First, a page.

The grass genera of the world
Habit, vegetative morphology. Perennial. Culms herbaceous. Leaf blades without cross venation.
Reproductive organization. Plants bisexual, all with bisexual spikelets; with hermaphrodite florets.
Inflorescence. Inflorescence paniculate; contracted (panicle dense); espatheate; not comprising partial inflorescences and foliar organs. Spikelet-bearing axes persistent. Spikelets pedicellate; not in distinct long-and-short combinations.
Female-fertile spikelets. Spikelets compressed laterally. Rachilla terminated by a female-fertile floret.
Glumes two; very unequal; long relative to the adjacent lemmas; the upper awned; very dissimilar (G1 short and awnless, G2 bilobed with the median nerve excurrent into an awn). Upper glume obscurely 5 nerved. Spikelets with incomplete florets. The incomplete florets proximal to the female-fertile florets. Spikelets with proximal incomplete florets. The proximal incomplete florets 1; paleate; male. The proximal lemmas awned (bilobed, the median nerve excurrent between).
Female-fertile florets 1. Lemmas less firm than the glumes (thinly membranous, by contrast with the firmly membranous G2); not becoming indurated; incised; 2 lobed; awned. Awns 1; median; from a sinus. Palea present. Stigmas 2.
Abaxial leaf blade epidermis. Costal/intercostal zonation conspicuous. Papillae absent. Long-cells more or less markedly different in shape costally and intercostally (the costals much narrower); of similar wall thickness costally and intercostally (the walls of medium thickness). Intercostal zones exhibiting many atypical long-cells (mainly in the mid-intercostal regions). Mid-intercostal long-cells rectangular; having markedly sinuous walls (the sinuosity fairly coarse to fine, irregular). Microhairs present; elongated; clearly two-celled; panicoid-type. Stomata common. Subsidiaries non-papillate; low dome-shaped to triangular. Guard-cells overlapping to flush with the interstomatals. Intercostal short-cells fairly common (but not to be confused with small prickles); not paired (seemingly solitary); not obviously silicified. With numerous very small intercostal prickles. Costal short-cells conspicuously in long rows (but the short-cells often quite long). Costal silica bodies present and well developed; panicoid-type; cross shaped and dumb-bell shaped; sharp-pointed and not sharp-pointed.
Transverse section of leaf blade, physiology. C4. The anatomical organization conventional. XyMS+. PCR sheath outlines uneven. PCR sheath extensions absent. Mesophyll with radiate chlorenchyma; traversed by columns of colourless mesophyll cells (these columns infrequent, of small cells, one cell wide). Leaf blade adaxially flat. Midrib not readily distinguishable; with one bundle only. The lamina symmetrical on either side of the midrib. Bulliforms present in discrete, regular adaxial groups; in simple fans and associated with colourless mesophyll cells to form deeply-penetrating fans (the fans very large, usually simple but occasionally with one or two small clourless cells contiguous internally, rarely these forming a linking column). Many of the smallest vascular bundles unaccompanied by sclerenchyma. Combined sclerenchyma girders present (with a few of the primaries); nowhere forming figures (the sclerenchyma scanty). Sclerenchyma all associated with vascular bundles.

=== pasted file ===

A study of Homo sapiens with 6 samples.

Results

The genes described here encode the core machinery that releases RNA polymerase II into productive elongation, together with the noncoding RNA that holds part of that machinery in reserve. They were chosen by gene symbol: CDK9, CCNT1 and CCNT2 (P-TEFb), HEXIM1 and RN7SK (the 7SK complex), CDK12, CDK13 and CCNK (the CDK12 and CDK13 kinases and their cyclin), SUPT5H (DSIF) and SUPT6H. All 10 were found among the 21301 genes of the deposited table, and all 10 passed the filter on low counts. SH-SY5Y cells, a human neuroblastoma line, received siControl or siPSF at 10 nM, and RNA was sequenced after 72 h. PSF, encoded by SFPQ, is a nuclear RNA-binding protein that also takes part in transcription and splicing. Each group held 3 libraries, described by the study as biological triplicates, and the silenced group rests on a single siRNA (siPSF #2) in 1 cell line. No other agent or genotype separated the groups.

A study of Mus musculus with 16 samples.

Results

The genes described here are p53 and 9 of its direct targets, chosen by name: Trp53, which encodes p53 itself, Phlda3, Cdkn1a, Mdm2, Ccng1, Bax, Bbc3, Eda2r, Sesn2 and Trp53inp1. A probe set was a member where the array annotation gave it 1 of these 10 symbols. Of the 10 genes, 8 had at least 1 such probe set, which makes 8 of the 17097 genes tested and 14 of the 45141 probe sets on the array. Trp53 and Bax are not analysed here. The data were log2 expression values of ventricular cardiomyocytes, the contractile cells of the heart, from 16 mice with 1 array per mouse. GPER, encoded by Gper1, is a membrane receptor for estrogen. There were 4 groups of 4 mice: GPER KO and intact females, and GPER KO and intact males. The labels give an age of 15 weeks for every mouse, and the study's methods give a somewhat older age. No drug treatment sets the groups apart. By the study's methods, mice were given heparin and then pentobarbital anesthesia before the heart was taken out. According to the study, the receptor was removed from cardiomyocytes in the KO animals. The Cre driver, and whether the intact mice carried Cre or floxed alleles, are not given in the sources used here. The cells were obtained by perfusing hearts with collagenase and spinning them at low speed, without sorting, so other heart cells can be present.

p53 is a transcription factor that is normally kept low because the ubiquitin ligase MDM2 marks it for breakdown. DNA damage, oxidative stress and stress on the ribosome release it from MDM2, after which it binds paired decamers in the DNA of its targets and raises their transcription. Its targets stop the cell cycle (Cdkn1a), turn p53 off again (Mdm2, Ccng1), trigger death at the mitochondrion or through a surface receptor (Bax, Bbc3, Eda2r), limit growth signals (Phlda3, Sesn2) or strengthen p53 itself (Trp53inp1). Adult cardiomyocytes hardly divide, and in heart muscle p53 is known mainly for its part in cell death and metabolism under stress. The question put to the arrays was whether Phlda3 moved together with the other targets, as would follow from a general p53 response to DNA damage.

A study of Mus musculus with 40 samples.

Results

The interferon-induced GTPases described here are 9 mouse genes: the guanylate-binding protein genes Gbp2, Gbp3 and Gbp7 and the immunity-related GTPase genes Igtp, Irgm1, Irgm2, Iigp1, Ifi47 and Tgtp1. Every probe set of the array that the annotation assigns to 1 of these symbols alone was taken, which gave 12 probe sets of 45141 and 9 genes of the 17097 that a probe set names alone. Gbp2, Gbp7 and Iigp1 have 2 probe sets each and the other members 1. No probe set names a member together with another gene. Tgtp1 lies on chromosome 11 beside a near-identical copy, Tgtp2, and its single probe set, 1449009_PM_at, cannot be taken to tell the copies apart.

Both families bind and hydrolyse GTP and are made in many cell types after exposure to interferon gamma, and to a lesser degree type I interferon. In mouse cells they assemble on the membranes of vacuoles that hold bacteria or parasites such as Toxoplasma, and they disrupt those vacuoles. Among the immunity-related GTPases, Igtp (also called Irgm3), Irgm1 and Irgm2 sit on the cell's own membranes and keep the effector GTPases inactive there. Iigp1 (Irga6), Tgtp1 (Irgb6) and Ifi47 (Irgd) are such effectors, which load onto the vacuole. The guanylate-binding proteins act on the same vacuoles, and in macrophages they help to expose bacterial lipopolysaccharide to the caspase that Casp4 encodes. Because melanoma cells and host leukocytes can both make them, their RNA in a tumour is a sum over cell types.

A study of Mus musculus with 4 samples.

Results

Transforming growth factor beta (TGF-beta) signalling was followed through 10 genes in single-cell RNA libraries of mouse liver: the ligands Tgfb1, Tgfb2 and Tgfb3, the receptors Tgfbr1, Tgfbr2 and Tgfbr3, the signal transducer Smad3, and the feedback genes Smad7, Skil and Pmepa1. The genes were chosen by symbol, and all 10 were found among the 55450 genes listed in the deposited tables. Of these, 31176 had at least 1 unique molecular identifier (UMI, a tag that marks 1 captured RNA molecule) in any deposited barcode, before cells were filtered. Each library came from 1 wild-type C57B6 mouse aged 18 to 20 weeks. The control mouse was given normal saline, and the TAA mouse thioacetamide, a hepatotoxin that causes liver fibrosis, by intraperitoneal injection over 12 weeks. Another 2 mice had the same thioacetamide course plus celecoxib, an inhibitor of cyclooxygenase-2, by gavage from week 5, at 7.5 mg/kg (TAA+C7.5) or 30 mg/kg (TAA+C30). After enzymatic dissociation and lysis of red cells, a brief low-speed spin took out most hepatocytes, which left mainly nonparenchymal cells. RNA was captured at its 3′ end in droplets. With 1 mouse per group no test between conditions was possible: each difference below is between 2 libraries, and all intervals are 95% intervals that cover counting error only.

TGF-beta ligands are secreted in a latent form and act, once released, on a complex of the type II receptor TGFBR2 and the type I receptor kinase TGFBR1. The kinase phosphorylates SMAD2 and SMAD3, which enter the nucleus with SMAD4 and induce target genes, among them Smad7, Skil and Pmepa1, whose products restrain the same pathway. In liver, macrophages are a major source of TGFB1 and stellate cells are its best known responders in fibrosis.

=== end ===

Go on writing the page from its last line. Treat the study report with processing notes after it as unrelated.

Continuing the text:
Classification. Watson & Dallwitz (1994): Panicoideae; Panicodae; Paniceae. Soreng et al. (2015): Panicoideae; Panicodae; Paniceae; Melidininae. 1 species (M. reynaudioides).
Distribution, phytogeography, ecology. Tropical Africa: Annobon Is.
References, etc. Morphological/taxonomic: Butzin 1971. Leaf anatomical: studied by us.
Special comments. Fruit data wanting.
We advise against extracting comparative information from the descriptions. This is much more easily achieved using the DELTA data files or the interactive key, which allows access to the character list, illustrations, full and partial descriptions, diagnostic descriptions, differences and similarities between taxa, lists of taxa exhibiting or lacking specified attributes, distributions of character states within any set of taxa, geographical distribution, and classifications. See also Guidelines for using data taken from Web publications.
Cite this publication as: ‘Watson, L., Macfarlane, T.D., and Dallwitz, M.J. 1992 onwards. The grass genera of the world: descriptions, illustrations, identification, and information retrieval; including synonyms, morphology, anatomy, physiology, phytochemistry, cytology, classification, pathogens, world and local distribution, and references. Version: 11th December 2017. delta-intkey.com/grass’.